Police Commissioner James O'Neill said Officer Brian Mulkeen, 33, was shot twice by police gunfire during the Sunday confrontation in the Bronx.
"This is a tragic case of friendly fire," O'Neill said during a news conference at police headquarters.
The suspect, Antonio Williams, 27, died at the scene. Investigators previously suggested that Williams wrestled away Mulkeen's gun while the pair were on the ground.
Officials said the nearly seven-year department veteran retained control of his weapon and fired several shots during the encounter.
Mulkeen and two plainclothes officers were on patrol near a city housing complex around 12:30 a.m. during an investigation into potential gang activity.
During the questioning of Williams, he allegedly fled behind a building. Mulkeen, a former college track star, tackled Williams, who went after the officer's weapon during a struggle, according to the NYPD.
Mulkeen's body camera captured him saying: "He's reaching for it! He's reaching for it!"
“Mulkeen retained his firearm during the entire violent struggle he had with this suspect,” said O’Neill. “He fired five rounds at the suspect.”
Investigators determined several officers fired 10 shots. Mulkeen, though wearing a bulletproof vest, was hit in the head and torso, officials said.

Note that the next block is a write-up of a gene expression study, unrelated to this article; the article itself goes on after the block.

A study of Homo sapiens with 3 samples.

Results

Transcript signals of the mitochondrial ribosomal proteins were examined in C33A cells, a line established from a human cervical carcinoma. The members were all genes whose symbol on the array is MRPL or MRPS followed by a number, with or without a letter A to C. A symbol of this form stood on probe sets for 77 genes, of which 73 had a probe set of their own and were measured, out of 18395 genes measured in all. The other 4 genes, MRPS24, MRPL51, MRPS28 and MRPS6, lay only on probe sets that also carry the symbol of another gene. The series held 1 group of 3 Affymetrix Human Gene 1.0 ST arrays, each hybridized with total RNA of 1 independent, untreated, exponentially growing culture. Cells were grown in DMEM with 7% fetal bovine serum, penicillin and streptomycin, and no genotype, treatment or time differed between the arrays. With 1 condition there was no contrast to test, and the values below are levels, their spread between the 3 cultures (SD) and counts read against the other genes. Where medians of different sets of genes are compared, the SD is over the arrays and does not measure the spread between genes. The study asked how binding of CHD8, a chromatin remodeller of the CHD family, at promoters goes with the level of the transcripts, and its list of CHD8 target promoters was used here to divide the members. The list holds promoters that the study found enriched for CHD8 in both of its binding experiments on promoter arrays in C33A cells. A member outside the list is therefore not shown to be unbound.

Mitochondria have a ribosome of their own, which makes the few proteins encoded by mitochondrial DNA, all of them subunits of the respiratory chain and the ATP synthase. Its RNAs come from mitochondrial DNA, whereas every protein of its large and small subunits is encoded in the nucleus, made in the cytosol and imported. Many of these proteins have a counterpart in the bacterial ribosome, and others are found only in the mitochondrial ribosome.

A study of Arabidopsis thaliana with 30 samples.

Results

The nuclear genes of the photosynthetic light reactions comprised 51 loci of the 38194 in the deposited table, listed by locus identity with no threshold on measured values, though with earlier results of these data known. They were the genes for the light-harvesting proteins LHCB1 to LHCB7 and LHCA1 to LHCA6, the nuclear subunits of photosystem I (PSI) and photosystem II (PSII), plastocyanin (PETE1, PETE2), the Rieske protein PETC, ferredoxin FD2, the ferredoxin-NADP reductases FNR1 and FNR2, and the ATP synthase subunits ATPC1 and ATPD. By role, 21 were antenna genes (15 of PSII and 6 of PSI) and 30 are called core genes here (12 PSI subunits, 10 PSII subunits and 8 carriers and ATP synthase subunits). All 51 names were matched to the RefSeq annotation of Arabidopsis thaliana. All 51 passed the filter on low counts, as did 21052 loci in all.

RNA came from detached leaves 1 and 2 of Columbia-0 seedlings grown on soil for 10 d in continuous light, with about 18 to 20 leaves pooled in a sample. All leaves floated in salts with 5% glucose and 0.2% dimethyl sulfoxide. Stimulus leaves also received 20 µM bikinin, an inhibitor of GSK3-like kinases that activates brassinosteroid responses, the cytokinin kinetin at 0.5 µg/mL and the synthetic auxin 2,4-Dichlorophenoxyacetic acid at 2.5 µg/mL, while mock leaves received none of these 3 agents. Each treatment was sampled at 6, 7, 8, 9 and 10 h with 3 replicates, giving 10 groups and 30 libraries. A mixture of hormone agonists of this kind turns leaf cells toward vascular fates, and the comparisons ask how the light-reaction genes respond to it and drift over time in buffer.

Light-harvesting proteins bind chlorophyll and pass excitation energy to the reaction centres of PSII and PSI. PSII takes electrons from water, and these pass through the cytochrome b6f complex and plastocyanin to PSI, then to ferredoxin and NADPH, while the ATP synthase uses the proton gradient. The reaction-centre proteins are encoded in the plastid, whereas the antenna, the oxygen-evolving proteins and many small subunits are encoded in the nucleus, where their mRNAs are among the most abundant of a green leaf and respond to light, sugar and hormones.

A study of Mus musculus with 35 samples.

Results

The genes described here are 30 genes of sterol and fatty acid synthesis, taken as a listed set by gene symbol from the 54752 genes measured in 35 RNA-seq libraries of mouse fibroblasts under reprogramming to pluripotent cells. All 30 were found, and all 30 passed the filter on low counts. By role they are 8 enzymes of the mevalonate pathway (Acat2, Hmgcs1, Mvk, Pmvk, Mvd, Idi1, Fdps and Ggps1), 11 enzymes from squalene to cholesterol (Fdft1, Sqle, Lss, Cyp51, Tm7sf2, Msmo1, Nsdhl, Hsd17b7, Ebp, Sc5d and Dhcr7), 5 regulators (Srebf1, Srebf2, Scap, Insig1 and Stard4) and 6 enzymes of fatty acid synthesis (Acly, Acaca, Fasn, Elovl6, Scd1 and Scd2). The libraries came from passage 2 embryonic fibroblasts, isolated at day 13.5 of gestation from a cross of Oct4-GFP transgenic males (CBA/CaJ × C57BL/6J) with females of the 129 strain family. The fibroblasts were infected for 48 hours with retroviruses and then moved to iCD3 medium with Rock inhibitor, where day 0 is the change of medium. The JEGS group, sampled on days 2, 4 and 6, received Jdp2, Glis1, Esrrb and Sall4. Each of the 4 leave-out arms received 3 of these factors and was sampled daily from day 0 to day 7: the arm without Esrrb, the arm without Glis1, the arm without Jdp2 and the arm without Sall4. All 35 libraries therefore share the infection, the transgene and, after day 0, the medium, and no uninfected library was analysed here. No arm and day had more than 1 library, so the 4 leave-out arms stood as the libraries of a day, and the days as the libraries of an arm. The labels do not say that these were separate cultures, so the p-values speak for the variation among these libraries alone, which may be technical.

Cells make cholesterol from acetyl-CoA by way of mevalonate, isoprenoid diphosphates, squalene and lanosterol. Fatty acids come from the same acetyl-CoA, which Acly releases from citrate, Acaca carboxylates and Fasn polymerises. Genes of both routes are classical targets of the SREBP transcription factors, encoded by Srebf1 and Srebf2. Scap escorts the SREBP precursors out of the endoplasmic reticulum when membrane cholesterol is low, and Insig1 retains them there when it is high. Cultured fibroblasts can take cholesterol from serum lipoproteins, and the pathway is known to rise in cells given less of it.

They said the torso shot exited his body through his thigh. He was taken to a hospital where he later died.
“It was a violent struggle and from start to finish, from first round to last round, was 10 seconds,” the commissioner said, according to the New York Post. “Just think about that. Think about how quick that is.”
Investigators found a .pistol they said belonged to Williams. It was never fired, they added. Williams was on probation until 2022 for a drug-related arrest last year. He had several prior arrests, and his record includes a burglary conviction, NYPD officials said.
It was unclear if any of the rounds fired by Mulkeen struck Williams.
Mulkeen's death is the second of an NYPD officer from friendly fire this year. Queens Det. Brian Simonsen died in February after he was struck in the chest as he and six officers fired 42 shots at a robbery suspect who mimicked pulling the trigger of a fake handgun.
"We've been here too often. We know the directions to get here," Patrick Lynch, the president of New York City's Police Benevolent Association, said at the press conference. "It has to stop."
The Associated Press contributed to this report.